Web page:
O My Blooming Back
Tips for taking the back pain out of gardening.
The way we warm up, move, and plan can protect our back but so can good tools. Quality tools are better balanced. And the stronger they are, the more work they do for you. Here are some suggestions to keep in mind as you shop.
Gardening uses your whole body — as most of us wincingly realize after a bulb-planting afternoon. So it's helpful to loosen our muscles before getting started — and every so often as we work. Yoga instructor Sudha Carolyn Lundeen lays out some warm-up exercises:
Pelvis tilts. In a chair, standing, or lying down, gently rock your pelvis back and forth, tailbone under, then bellybutton forward. Repeat five to 10 times.
Cat and dog. Get on the floor on all fours, round your back like a cat, then release, lengthening your spine with your tailbone up like a dog, repeating the movements five to 10 times.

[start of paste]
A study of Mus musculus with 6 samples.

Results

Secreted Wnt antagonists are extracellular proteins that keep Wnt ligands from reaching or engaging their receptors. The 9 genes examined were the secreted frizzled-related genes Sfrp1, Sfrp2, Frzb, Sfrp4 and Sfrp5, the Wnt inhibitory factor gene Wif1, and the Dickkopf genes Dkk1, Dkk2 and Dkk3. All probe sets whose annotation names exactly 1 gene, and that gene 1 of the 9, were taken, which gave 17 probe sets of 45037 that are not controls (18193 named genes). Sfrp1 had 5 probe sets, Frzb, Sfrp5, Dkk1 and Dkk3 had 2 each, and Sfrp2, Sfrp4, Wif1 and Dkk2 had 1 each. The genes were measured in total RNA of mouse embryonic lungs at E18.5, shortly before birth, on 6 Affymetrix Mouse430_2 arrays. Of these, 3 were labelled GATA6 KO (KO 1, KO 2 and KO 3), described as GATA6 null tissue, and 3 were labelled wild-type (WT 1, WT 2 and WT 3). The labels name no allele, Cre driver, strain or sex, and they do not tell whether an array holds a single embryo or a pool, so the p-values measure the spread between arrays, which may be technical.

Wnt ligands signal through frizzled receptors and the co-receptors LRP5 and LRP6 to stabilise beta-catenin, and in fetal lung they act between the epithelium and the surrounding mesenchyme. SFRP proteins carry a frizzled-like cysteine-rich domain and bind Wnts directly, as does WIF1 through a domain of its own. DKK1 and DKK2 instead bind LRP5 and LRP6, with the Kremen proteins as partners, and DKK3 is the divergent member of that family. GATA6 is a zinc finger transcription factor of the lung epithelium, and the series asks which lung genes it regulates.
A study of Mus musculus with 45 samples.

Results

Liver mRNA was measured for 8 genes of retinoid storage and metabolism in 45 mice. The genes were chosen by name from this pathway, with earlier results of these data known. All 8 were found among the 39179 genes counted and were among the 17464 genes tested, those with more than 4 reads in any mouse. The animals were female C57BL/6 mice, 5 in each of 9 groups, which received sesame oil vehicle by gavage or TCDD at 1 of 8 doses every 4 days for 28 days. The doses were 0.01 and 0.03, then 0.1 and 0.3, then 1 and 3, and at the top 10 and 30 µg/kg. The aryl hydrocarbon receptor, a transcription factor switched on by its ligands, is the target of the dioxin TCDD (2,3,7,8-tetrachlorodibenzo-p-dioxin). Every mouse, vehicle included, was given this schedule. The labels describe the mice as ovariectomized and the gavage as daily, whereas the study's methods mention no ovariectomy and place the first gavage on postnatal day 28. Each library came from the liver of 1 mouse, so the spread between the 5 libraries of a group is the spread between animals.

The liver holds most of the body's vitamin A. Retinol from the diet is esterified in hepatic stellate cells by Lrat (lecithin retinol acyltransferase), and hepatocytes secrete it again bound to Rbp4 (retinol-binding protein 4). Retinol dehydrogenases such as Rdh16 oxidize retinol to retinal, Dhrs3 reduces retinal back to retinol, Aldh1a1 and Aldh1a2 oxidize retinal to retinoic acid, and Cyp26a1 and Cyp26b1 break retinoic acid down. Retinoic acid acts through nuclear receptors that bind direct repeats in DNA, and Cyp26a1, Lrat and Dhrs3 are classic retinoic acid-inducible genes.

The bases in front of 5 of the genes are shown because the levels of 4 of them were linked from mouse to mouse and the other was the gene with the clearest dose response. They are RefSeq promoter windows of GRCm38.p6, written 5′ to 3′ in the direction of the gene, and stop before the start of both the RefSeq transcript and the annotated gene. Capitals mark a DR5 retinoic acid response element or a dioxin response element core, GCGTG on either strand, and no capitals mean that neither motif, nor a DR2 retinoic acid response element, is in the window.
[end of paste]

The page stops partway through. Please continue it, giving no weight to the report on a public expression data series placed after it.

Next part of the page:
Shoulder openers. Put your right hand on your right shoulder and then circle your elbow behind, to the side, and in front of you, winding like the hand of a clock. Repeat on the other side — again five to 10 times.
Skyrise. Put your hands over your head, interlace your fingers, invert your palms up to the sky. Then push your palms and arms backward, dropping your chin to your chest. Pull your stomach in for support. Do five to 10 times.
Shoulder squeeze. Put your hands behind your back, lace your fingers, push your arms outward, squeezing your shoulders toward each other. Pull in your abs, again for support. Repeat five to 10 times.
— Dorothy Foltz-Gray is a contributing editor for Health, Alternative Medicine and Arthritis Today magazines. She is writing With and Without Her, a memoir about being and losing a twin.
To keep color in your garden, reach for colorful plants when the season turns cold and gray.